Renewing your cabinets is a quick and easy way to add value to your home and update your kitchen without spending a lot of money. Cabinet renewal consists of giving your cabinets a facelift instead of replacing them outright. This process can be completed easily with paint. Refinishing your cabinets can be somewhat time consuming, but the end result is well worth the effort. Patience is the key to having beautifully renewed kitchen cabinets.
- Skill level:
- White spirit or acetone
- Clean rag
- Dust sheet
- Small sponge roller
- Angled paint brush (1")
Remove the cabinet doors and hardware. Start by removing all the doors from the cabinets. This makes the surfaces easier to manipulate as you work. Simply unscrew the hinges from both the door and the cabinet. Do this for each hinge and set them aside as you will be using them again, unless you plan to update the hardware as well. Unscrew the handle or knob from the door. The screw is on the opposite side of the door from the hardware.
Clean the outer cabinet surfaces and doors. Gently rub a cloth dampened with white spirit or acetone over the exposed cabinet surfaces and doors to remove oil, dirt and food particles that may hamper the adhesion of the primer. Make sure that you wear gloves during this process.
Sand the exposed cabinet surfaces. After the solvent dries, gently scuff the surface of the cabinets with light-duty sandpaper. This gives the paint something to grab on to.
Cover the cabinet doors and outer cabinet surfaces with a quality primer. This is one of the most important steps in getting a quality finish. Primers help block stains and give the paint a good surface for gripping. Carefully roll and brush the primer onto the doors and cabinet faces, making sure to apply an even coat. Attend to any runs immediately to prevent irregularities in the final coat. Allow the primer to cure thoroughly. The drying time will depend on the product you are using and ambient air conditions, but most primers will cure in eight hours.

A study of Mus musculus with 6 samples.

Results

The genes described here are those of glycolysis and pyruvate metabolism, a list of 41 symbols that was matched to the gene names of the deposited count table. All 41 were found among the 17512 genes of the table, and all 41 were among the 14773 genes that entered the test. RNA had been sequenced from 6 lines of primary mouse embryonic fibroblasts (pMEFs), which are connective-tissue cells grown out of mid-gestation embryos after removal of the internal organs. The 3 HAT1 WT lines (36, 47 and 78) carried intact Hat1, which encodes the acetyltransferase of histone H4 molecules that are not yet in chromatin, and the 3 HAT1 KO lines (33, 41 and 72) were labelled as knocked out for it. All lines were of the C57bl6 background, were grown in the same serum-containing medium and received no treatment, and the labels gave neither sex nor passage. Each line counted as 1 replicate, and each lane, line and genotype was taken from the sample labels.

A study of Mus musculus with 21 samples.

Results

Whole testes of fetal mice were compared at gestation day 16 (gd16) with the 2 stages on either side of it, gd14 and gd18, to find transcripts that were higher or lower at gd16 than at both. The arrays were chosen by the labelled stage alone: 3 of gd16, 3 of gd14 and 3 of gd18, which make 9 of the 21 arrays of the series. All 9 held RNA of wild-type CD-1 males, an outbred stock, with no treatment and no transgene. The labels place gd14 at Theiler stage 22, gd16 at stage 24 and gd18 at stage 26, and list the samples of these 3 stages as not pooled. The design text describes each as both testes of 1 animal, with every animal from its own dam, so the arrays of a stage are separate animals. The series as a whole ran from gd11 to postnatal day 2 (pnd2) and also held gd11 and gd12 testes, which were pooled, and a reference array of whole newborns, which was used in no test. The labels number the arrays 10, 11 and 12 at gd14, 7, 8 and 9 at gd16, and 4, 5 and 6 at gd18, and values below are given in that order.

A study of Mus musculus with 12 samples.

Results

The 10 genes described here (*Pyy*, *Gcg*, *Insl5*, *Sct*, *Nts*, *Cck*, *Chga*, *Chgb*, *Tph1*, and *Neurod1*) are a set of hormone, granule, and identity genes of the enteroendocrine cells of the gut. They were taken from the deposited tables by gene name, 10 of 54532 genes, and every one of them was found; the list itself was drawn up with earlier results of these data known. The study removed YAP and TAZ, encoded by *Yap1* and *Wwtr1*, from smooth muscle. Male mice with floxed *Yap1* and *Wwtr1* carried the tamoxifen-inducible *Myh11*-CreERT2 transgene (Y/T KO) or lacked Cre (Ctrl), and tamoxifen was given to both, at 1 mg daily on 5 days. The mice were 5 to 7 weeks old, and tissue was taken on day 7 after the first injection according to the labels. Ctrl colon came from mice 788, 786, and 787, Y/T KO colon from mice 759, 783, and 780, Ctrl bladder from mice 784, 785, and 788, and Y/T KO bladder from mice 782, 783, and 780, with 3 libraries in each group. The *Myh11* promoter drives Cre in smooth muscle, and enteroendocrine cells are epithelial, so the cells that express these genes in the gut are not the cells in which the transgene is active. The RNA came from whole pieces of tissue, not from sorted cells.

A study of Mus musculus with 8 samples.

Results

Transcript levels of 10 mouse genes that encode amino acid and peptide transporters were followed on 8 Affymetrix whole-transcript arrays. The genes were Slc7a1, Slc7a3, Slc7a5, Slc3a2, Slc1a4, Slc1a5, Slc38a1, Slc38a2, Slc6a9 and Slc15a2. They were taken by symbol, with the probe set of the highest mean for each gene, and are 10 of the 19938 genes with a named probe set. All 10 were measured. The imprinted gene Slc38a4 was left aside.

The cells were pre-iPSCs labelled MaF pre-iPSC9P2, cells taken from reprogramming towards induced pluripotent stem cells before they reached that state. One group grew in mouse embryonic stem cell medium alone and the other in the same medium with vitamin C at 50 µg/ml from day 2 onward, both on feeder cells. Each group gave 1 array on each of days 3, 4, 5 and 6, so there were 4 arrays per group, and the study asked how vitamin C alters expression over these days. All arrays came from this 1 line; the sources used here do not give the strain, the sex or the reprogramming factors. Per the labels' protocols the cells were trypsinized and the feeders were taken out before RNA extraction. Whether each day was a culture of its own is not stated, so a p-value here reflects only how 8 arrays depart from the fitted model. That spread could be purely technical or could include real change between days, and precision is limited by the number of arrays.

Apply a second coat of primer. This step may not be necessary if you were able to achieve a thorough coat of primer with the first coat, but if the primer appears to be thin or if there is unevenness, apply another coat of primer in the same fashion as the first, and allow time for curing.
Apply paint. After the primer has completely cured, you can begin to paint the cabinets. Once again, paint grade choice will make a difference. Lesser grades of paint or paint that is not intended for cabinets will result in a less durable finish and necessitate repainting sooner. Choose a good grade of cabinet paint and have it tinted to your taste. Apply the paint with a small sponge roller and an angled 1" cabinet brush. This will produce the best results with the fewest brush and roller marks. You will need to apply at least two coats of paint, with a thorough drying period in between, to achieve the best results.
Re-hang the cabinet doors and reinstall the hardware. Simply reverse the process of removal in order to rehang the cabinet doors.
Tips and warnings
- Using the right equipment makes all the difference when it comes to painting cabinets. Although the smaller implements make for a longer job, the results are more consistent than with a standard roller and brush set-up. You can apply the paint easily into corners and around trim.
- Make sure to use dust sheets to prevent lengthy cleanups.